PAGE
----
A study has found four new man-made ozone-depleting gases in the atmosphere. The gases consist of three new chlorofluorocarbons (CFCs) and one new hydrochlorofluorocarbon (HCFC) that are being emitted despite the Montreal Protocol that called for a total ban of ozone-depleting gases by 2010.
The researchers from the University of East Anglia say loopholes are to blame for the continued use of CFCs and HCFCs and the source of these new gases are unknown. Air samples that were trapped in polar firn (unconsolidated snow) were used to create a snapshot of the atmosphere that dates back a century. The century-old photo was then compared to samples collected between 1978 and 2012 from Tasmania, the site is used as the atmosphere there has been unaffected by pollution.
Based on the analysis, lead researcher Johannes Laube of the UEA said in a statement, “Our research has shown four gases that were not around in the atmosphere at all until the 1960s, which suggests they are man-made.”
CFCs are compounds made of chlorine, fluorine and carbon, notes the Environmental Protection Agency, which release chlorine atoms in the stratosphere when broken down by ultraviolet light. HCFCs were used as a way to replace CFCs but they also release ozone-depleting chlorine atoms in the atmosphere. CFCs and HCFCs were used as propellants and refrigerants.
The United Nation's Montreal Protocol was established in 1987, and enacted in 1989, following the discovery of a hole in the ozone layer over Antarctica. The international treaty banned the use of ozone-depleting substances, phasing out the use of CFCs and HCFCs with the goal of a total ban of the former by 2010 and the total ban of the latter by 2030. Based on these efforts, the thinning of the ozone layer, which protects humans from ultraviolet light, has reduced considerably and some believe it could be restored to 1950s levels by 2080, reports National Geographic.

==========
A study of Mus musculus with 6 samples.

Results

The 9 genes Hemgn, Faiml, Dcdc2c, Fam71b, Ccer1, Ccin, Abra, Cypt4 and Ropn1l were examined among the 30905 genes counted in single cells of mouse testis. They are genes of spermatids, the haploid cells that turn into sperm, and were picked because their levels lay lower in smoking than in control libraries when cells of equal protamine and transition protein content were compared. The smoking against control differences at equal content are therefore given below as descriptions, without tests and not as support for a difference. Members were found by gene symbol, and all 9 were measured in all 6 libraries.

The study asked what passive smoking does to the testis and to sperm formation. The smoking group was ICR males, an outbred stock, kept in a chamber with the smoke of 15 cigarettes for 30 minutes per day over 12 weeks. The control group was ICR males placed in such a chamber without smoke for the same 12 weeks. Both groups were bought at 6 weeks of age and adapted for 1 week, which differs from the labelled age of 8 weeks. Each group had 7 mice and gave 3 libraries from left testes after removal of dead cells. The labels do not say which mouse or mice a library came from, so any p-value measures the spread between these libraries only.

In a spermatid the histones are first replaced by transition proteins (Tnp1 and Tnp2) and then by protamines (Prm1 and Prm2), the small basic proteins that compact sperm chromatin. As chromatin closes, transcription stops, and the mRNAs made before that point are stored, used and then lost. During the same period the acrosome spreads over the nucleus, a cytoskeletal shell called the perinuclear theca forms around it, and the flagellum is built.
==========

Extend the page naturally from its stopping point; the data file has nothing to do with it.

There are loopholes and exemptions that allow for the use of CFCs but the three new gases are troubling, as they will take decades to break down, notes Laube, and CFCs are extremely effective at trapping heat, “often thousands of times more powerful than carbon dioxide,” reports Reuters.
The amount of ozone-depleting gas found by the researchers is not considered to be a threat to the ozone, notes Reuters, and is dramatically lower than the peak of CFC emissions in the 1980s. Around 74,000 metric tons of the new gases were emitted compared to the million metric tons of CFCs that were emitted before the ban.
For the researchers, the next step is identifying the source of these new gases. "We don’t know where the new gases are being emitted from and this should be investigated. Possible sources include feedstock chemicals for insecticide production and solvents for cleaning electronic components," said Laube. The research was published in Nature Geoscience.